Riddick (15)

Dir. David Twohy, USA, 119mins, 2013

Overshooting by at least a galaxy, the appeal of lean mean monster mash, Pitch Black (2000), with the ambitiously bloated, commercially unsuccessful, The Chronicles of Riddick (2004), it has taken the re-ignition of Vin Diesel’s star, some legal wrangling with copyright owners, Universal, and a huge chunk of the leading mans own change, to further the adventures of Richard B. Riddick. Was it worth it?


Returning our milky eyed night terror to the same kind of desolate environment in which he thrived during David Twohy’s original cult hit, Riddick (Vin Diesel) is cast asunder onto a sandy wasteland, exposed to a menagerie of carnivorous beasties and scorching heat. Some may see the arrival of not one, but two, groups of gun wielding bounty hunters as a reason to panic, but considering our anti-hero summoned them as means of escape from an impending planet-enveloping storm, they’re a welcome sight. So with the battleground laid out between nocturnal monsters, bickering soldiers, and Riddick, the stage is set for a wise-cracking interstellar action smack down.


Subtlety isn’t a word you’d associate with this reset button instalment; it may showcase similar locales and a smaller budget, but gone is the moody aesthetic and gruey atmosphere of Pitch Black, instead replaced by a filtered hue of computer game visuals and hyper-stylised slow-mo’s. This isn’t a bad thing; it simply adds a more cartoonish element which further distances it from the impressive origins.


What cannot be denied is just how much fun watching Riddick is. Intentional or not, there are loads of laughs to be had. Whether it’s the hugely satisfactory pay-off to the “head in a box” gag, or the laughable performance of Jordi Molla as head bad-guy Santana, who’s admittedly given some real  “dire-logue” to fumble, this is never less than entertaining Sci-Fi hokum.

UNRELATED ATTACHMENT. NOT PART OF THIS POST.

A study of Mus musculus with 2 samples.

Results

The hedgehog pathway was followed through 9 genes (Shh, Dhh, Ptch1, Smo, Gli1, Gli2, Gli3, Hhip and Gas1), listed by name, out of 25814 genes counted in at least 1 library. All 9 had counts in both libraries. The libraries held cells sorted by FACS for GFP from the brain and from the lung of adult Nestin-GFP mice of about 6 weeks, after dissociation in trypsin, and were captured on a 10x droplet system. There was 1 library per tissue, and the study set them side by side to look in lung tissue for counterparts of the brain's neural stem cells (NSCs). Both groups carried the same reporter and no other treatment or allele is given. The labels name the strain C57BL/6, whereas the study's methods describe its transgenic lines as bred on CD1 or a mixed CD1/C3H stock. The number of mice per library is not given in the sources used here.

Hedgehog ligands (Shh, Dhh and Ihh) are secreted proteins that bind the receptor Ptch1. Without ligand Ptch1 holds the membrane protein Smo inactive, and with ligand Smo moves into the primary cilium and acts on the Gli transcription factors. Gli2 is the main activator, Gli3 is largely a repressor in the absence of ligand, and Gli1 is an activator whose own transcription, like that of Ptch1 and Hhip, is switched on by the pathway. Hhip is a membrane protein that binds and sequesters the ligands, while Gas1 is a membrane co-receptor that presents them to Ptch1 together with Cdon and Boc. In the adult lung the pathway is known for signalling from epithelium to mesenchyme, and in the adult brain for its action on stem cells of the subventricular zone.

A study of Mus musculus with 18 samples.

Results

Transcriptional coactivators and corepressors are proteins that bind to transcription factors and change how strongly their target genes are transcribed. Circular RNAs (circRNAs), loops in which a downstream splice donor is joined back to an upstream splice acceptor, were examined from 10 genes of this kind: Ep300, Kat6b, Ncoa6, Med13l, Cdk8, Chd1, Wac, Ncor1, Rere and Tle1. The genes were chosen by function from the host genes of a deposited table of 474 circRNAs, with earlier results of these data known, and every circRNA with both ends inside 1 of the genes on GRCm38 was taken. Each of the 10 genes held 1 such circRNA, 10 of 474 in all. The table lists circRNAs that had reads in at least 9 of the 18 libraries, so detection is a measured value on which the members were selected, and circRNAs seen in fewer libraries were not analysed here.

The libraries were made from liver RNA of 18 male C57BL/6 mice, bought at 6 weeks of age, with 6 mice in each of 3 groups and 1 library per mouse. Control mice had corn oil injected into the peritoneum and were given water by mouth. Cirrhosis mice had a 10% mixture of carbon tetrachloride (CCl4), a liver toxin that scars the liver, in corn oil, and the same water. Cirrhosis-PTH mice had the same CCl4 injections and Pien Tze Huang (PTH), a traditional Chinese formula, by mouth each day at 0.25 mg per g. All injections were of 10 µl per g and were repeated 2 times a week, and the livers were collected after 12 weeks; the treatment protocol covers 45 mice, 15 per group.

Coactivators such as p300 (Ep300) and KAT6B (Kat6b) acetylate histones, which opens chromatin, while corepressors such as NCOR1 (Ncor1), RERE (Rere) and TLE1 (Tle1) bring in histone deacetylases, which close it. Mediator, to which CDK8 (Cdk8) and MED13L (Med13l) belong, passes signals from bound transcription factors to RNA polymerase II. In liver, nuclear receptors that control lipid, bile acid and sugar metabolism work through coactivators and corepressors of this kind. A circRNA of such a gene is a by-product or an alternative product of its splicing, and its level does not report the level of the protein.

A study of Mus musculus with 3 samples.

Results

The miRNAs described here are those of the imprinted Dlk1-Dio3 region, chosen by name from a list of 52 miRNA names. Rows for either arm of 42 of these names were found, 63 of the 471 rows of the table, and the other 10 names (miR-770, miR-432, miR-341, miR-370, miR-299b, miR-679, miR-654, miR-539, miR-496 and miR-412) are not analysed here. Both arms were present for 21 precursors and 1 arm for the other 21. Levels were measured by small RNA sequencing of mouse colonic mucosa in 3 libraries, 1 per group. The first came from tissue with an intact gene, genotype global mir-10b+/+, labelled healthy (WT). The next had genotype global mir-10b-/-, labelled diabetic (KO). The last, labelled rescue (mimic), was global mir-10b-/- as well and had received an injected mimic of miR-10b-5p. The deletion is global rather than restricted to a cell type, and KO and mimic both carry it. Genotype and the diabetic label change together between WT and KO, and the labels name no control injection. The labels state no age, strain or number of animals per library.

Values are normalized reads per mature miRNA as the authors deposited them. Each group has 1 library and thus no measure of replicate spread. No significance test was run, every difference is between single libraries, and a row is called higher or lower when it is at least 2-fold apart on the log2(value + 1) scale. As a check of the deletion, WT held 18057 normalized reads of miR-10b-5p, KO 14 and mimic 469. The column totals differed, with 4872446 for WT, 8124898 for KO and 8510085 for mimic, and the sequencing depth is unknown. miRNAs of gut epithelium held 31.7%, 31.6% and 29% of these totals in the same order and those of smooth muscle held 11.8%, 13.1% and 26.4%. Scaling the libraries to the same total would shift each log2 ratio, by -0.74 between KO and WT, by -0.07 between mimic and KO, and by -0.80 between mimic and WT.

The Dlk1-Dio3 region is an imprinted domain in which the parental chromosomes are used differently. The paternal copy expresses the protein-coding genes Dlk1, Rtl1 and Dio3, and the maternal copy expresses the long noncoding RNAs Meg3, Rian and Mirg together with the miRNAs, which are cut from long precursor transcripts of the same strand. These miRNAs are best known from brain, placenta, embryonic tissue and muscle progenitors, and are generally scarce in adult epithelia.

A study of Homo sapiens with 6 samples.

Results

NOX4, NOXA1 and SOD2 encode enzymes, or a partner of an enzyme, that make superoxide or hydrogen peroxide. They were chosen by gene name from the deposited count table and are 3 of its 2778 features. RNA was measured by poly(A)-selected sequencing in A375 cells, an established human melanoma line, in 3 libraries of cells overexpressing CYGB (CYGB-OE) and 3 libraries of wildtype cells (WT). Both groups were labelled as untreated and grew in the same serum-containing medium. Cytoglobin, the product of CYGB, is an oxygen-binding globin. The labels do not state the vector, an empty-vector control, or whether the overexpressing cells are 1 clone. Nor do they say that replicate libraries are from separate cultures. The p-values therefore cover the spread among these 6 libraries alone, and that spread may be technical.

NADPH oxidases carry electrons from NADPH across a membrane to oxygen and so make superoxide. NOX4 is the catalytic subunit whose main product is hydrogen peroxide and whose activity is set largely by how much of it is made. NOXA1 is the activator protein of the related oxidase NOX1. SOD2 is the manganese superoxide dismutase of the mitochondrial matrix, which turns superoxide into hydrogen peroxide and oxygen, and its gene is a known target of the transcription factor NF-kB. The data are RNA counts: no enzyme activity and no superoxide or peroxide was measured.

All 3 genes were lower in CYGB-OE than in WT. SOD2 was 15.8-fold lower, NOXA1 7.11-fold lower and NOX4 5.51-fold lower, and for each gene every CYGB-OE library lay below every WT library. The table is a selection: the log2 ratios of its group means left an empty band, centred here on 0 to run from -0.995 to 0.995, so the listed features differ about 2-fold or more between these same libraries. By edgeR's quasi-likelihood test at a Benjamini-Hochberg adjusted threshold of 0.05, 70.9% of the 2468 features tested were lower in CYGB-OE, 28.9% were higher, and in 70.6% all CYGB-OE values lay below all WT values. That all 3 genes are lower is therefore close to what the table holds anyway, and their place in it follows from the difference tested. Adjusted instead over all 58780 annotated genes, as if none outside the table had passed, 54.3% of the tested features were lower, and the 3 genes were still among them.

The films strength is when it is silent, in fact the entire opening sequence is similar to WALL-E, but with a clunky robot replaced by a clunking great action hulk. It’s also important in establishing Riddick as a vulnerable character, we are presented with a wounded, hunted warrior, one that has fallen far from the throne he was seated upon at the end of Chronicles, and as a result he’s more interesting.


The time also gives Twohy a chance to paint this dusty new world with some fantastic creature design and striking vistas. The pool-dwelling stingy things (official description) are worthy of a mention alongside the Wrath of Khan ear thing and The Flash Gordon (with which Riddick shares a similar, unwelcome vibe) tree dwelling thing, in the pantheon of icky space monsters.


Those expecting action from the get-go might find it takes some adjusting to the impressive Cast Away via Bear Grylls set-up, but you’re guaranteed to rue its absence when the other cast members arrive, and Twohy feels the need to unnecessarily bridge the gap between this and Chronicles with some tedious exposition, surely only included to shoehorn in Karl Urban’s blink-and-you’ll-miss-it cameo.


Vin Diesel is clearly having fun slipping into the skin of the character that made his name, and gets to chew on some soon-to-be classic lines such as “There are bad days, and then there are legendary bad days” in his signature guttural drawl, but he is as two-dimensional as characters come, the script happy to let the previous instalments stand-in for character development.


It’ll be interesting to see if there’s still demand for the further adventures of this character so long after the last film failed to find an audience, but there is obvious satisfaction to be had for genre fans, and those simply seeking a no-nonsense slice of Predator-lite action fun, will also have a big dumb grin slapped on their face.